Let Freedom Ring with Market Friday


Welcome to Boston! Rich in history, Boston is often referred to as "The Cradle of Liberty" for the role it played in instigating the American Revolution. It was settled in the 1630s by Puritans that fled religious and political persecution in Europe. Boston experienced a season of discontent as colonists began to rebel against the heavy taxation imposed upon them by the British Parliament.


This is the Old State House in Boston. It is at the cross-section of Washington and State Streets. How appropriately named or probably renamed. It was built in 1713 which I have a hard time wrapping my head around. In terms of buildings in American history, it is one of the oldest surviving public buildings in the United States. It was the seat of the Massachusetts General Court for 85 years, until 1798. It is now a history museum.

This is the front of the building. The balcony shown is where the Declaration of Independence was read for the first time. This caused a riot and the Lion and the Unicorn at the top of the building was ripped down and burnt. When it was refurbished in 1883, it was put back and to this day, every July 4th at 10 am, the Declaration of Independence is read from that very balcony.


It's all about the Freedom Trail. The Freedom Trail is a two and a half miles trail that is marked by red bricks. It will take you past sixteen historical landmarks, including meeting houses, churches, burying grounds, and historic markers, to name a few. Together, these tell the story of the American Revolution.


Today is #MarketFriday initiated by @dswigle (Denise, that's me!!) Join me as we share our markets across the globe. I always look forward to seeing what you send me! It is amazing to see the different markets and cultures of our friends here on Hive. Today we will be revisiting Boston to celebrate the upcoming Fourth of July. It is a small reminder of the brave men that fought for the freedom of our country.

Every step is a story, a piece of what ignited the American Revolution.

The Park Street Church was built on top of the site of the Old Granary Building, The construction work included tearing down the Old Granary Building (built 1728) Their claim to fame was that they had sewn the sails to the USS Constitution there. Back in the day, Sunday Services WAS what you did for that day. The sermons could easily be two to three hours. Its nickname was Brimstone Corner, partly because of the sermons that were given there, but also because they stored gunpowder in the Church basement during the War of 1812. The first abolitionist sermon was preached from there and many members thought that William Lloyd Garrison should be lynched. The architecture was seriously Puritan. Plain and Plainer. They even disguised the one stain glass window so you couldn't see it from the outside. source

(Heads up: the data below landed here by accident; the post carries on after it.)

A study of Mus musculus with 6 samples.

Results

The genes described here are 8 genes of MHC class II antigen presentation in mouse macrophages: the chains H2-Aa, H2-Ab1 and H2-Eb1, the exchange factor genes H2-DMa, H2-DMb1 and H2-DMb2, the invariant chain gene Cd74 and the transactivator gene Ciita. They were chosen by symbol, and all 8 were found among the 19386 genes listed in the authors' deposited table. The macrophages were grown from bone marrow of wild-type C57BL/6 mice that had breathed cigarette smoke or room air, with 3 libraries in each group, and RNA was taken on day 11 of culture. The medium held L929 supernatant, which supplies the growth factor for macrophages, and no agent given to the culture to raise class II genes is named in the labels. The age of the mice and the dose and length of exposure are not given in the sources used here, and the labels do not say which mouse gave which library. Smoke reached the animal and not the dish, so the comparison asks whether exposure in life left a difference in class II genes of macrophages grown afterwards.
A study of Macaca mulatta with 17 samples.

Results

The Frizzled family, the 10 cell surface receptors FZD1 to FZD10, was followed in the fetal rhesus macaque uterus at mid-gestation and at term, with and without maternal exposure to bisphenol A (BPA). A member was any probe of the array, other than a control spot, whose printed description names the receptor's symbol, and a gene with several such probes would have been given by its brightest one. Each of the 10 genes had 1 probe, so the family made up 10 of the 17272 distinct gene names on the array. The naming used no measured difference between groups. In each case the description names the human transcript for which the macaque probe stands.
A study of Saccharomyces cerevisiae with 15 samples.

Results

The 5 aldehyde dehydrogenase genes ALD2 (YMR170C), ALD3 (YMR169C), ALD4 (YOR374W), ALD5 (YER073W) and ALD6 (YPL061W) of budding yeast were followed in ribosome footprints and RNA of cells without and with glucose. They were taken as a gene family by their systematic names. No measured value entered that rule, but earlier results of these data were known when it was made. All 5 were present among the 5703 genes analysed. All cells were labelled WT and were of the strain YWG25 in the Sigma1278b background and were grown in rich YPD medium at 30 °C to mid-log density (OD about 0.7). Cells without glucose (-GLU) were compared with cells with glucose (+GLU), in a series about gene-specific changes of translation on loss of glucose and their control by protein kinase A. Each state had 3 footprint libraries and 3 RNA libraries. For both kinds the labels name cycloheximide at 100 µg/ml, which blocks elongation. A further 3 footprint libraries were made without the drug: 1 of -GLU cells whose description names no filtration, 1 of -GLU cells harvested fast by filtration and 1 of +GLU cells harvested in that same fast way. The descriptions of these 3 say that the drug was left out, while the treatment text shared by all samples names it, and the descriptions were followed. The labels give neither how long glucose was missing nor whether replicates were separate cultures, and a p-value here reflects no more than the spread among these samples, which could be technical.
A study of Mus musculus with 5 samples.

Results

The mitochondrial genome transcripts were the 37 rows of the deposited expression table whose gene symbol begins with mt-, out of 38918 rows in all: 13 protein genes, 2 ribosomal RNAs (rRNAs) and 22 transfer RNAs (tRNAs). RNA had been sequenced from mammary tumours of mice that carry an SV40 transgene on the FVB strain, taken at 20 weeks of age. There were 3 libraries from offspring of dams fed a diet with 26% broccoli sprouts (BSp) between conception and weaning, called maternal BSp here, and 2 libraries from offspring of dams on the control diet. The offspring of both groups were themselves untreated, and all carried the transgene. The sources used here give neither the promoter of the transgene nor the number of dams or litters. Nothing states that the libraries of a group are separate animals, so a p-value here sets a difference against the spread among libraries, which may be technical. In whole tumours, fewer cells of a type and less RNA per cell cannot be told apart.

When the Kings Chapel East became overcrowded with the growing population of Boston, the Granary Burial Site was designated as a final resting place. The cemetery holds many Patriots from the Revolutionary War era, the most notable being Paul Revere. There are five of the victims of the Boston Massacre and three that signed the Declaration of Independence – Robert Paine, John Hancock, and Samuel Adams.


Go to the market, or anywhere that you pay money for a service.
Take pictures! Be creative (or not, we don't judge!)
Tell us a little bit about the market, what brought you here?
Post the picture(s)
Use the MarketFriday Community Platform to post #hive-196308
and drop the link into the MarketFriday post so I can find it
Have fun! Please put #MarketFriday by @dswigle somewhere on your post!



This is one of those funny/not funny moments in time. I couldn't have said it better myself! This was what was written about this cup.


Need a daily reminder of how screwed up things are? Then consider getting the Disappearing Civil Liberties Mug. The mug depicts the Bill of Rights, one of the most revered and essential documents of our nation. Congress has been picking away at these essential rights for a decade, and now you can actually see them disappear every time you pour in hot liquid. Oh, they don't all vanish – your right to assemble and protest takes a hit, but your right to bear arms stays just where it was. This can be used by left and right-handed people.


There are giant pencils with erasers... scrolls of the Declaration of Independence. Signed baseballs, all kinds of political satire written. Tee shirts encouraging you to start a Revolution. If you can imagine it, I am sure someone will make you one.







Thank you for visiting my post 💖 Don't ever forget what an amazing world we live in, people. Always remember, kindness counts. Wherever you go, whatever you do.